By Anna Von Reitz
I wrote letters for wounded veterans during Vietnam. I was the shoulder to cry on and interpreter for a man who, though he grew up in my small hometown, spoke French after his medical discharge from the service. He said he couldn't bear to speak English, because it was a "dirty" language, and he didn't want to be a U.S. Citizen after what he had seen and been through, either. Some days, he would just sit on the bench in front of the Jackson County Courthouse and cry. People avoided him and gossiped about him. And of course, if he spoke to them they didn't understand French.
His wounds, which included facial disfigurement and a permanently gimpy leg, added to the off-putting nature of his appearance. More than once, I overheard people saying mean things like he was "not all there" or "some kind of foreigner". And if I heard this, no doubt, he did, too.
The only time he really smiled was when I brought my dog along and he got to play with her. Games of fetch. Treats. Keep away. Swimming. Walks with the dog.
People gossiped about me, too, wondering if there was something "more" to our relationship than sharing books in French and playing with a dog and babbling about the weather and current events. He was fond of fruit, so we went berry picking and in the fall, went to the orchards outside of town and collected windfalls. It was bittersweet all the way around.
I was probably twenty years younger than him and due to the circumstances of both our lives, there was no romance involved at all. Just a simple, odd friendship between a deeply wounded officer and a girl who could speak High School level French.
The years have rolled away and away. My Father was a veteran. My husband is a veteran. I am a 25-year "Honorary Member" and supporter of the Paralyzed Veterans of America (PVA) organization.
On a regular basis I hear what I call "the dreary lauds" --- people getting all sentimental and writing drivel about our veterans and saying, "Thank you for your service.".
Here's the news flash, people.
Our veterans are suffering, losing their homes, losing their jobs, going without even basic medical and social services, being herded through substandard VA facilities, given dangerous drugs and "vaccines", self-medicating with booze and drugs. Many are depressed, defensive, unable to rest, scared, angry, on a roller-coaster of adrenalin reaction and counter-reaction.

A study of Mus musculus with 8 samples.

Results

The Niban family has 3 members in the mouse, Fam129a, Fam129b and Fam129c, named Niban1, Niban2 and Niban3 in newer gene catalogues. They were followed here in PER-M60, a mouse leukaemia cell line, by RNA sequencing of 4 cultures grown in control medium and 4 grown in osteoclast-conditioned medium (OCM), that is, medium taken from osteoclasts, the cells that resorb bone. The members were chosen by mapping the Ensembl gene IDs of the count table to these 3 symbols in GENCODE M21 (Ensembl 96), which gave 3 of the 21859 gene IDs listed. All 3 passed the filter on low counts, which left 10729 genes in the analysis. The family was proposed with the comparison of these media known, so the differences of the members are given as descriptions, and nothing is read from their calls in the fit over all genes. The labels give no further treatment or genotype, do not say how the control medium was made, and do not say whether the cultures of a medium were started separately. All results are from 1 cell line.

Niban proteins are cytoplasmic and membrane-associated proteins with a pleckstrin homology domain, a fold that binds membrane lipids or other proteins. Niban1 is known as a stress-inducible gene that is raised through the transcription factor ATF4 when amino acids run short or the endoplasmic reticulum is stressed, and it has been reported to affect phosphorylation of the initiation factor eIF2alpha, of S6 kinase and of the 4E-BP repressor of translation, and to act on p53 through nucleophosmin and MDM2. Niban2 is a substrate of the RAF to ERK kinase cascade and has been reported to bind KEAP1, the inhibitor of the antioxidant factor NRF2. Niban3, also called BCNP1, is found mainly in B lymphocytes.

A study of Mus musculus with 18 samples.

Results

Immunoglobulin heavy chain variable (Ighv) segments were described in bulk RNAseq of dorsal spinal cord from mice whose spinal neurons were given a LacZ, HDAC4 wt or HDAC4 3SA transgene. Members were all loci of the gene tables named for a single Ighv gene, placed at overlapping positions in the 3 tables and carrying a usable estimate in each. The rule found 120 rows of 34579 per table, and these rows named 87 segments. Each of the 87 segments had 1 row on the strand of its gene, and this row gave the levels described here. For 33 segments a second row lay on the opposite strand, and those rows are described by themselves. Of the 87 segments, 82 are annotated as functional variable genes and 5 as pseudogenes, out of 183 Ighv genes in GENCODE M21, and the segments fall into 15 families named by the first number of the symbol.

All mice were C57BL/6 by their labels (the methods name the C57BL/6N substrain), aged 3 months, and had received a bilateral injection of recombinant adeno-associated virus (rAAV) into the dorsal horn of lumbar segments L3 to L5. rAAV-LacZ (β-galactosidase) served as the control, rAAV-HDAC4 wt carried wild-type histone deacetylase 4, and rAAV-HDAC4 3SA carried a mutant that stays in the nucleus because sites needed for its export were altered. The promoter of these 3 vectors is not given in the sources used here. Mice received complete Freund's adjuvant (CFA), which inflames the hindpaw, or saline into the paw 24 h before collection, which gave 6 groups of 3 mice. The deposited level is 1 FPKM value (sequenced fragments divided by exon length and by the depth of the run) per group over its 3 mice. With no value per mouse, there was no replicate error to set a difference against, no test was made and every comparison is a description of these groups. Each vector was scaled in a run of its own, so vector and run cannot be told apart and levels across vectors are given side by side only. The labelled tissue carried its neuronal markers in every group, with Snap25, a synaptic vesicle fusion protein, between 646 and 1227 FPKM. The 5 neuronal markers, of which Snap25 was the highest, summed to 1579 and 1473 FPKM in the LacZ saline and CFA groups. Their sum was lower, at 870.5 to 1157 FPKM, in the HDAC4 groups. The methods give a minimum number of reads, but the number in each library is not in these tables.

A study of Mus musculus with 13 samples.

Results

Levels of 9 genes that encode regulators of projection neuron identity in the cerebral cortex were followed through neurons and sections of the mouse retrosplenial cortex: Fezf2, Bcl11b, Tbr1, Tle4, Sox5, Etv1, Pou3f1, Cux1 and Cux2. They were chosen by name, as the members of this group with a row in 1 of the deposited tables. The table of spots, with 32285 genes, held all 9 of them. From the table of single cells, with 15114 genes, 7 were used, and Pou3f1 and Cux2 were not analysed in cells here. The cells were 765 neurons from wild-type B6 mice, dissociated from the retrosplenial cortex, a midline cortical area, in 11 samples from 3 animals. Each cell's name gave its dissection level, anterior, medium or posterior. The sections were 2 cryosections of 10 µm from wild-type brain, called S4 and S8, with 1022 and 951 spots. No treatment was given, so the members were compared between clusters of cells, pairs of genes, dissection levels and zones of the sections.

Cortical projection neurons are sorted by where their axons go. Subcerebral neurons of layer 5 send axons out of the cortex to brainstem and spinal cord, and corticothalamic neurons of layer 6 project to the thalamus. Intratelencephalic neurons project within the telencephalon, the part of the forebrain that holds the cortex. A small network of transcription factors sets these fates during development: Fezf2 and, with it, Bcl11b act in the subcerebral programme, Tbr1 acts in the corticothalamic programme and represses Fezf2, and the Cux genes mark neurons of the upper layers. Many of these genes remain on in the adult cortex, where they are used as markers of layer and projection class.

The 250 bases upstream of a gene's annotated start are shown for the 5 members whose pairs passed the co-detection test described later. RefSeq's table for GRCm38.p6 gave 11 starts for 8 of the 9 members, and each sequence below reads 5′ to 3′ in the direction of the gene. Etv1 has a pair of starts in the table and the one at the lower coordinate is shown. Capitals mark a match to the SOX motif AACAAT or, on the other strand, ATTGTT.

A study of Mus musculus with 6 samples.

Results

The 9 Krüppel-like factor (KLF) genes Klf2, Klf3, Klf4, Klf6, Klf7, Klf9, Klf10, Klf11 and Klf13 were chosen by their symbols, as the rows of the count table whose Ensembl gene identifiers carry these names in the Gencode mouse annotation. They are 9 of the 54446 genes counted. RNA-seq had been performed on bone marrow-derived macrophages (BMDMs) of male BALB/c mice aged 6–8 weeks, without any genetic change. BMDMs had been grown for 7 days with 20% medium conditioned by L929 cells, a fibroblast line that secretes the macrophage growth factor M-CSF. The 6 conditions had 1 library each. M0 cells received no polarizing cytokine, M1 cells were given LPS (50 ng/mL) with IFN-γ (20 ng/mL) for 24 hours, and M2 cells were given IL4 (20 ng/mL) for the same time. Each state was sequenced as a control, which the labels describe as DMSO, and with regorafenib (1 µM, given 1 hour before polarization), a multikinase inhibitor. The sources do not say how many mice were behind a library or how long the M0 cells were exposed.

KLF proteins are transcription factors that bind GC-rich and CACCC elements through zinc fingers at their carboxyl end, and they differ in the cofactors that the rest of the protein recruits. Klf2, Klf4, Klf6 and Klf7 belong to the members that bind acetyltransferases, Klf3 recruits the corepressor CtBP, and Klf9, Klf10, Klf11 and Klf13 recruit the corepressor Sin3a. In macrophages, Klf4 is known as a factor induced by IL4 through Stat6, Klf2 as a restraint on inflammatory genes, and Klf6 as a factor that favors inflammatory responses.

Perhaps even worse, they are being deprived of the very freedoms they fought for, or thought they were fighting for, and denied the protections and guarantees of the Constitutions, as a result of treasonous illegal flim-flam from politicians and attorneys.
Not only are our veterans being cheated out of their most basic fundamental rights and guarantees, but just as bad, they are being denied exemptions from taxation and harassment that they have earned. They are being cheated out of money and stocks and bonds that they are owed. They are being forced to pay mortgages that they don't owe.
And during their service they are being used as cheap mercenaries for war-mongering foreign commercial corporations and the criminals who are running those corporations.
So, please don't tell our veterans "Thank you for your service." or get all teary-eyed about their sacrifices, and all the young people wasted and ruined and maimed and killed in the process.
Get off your duffs and get angry.
Put something behind your words, words, words.
Make it your business, as I have made it mine, to see to it that these men and women make it home to America, and are not left in limbo as "U.S. Citizens" for life. Make it your business to make sure that their Constitutional Guarantees and exemptions are honored. Make it your mission to make sure that they receive the money and services and care that they deserve.
Or just shut up with the fine sentiments and sanctimonious twice a year pandering. It makes me sick and I know it makes a lot of veterans sick, too.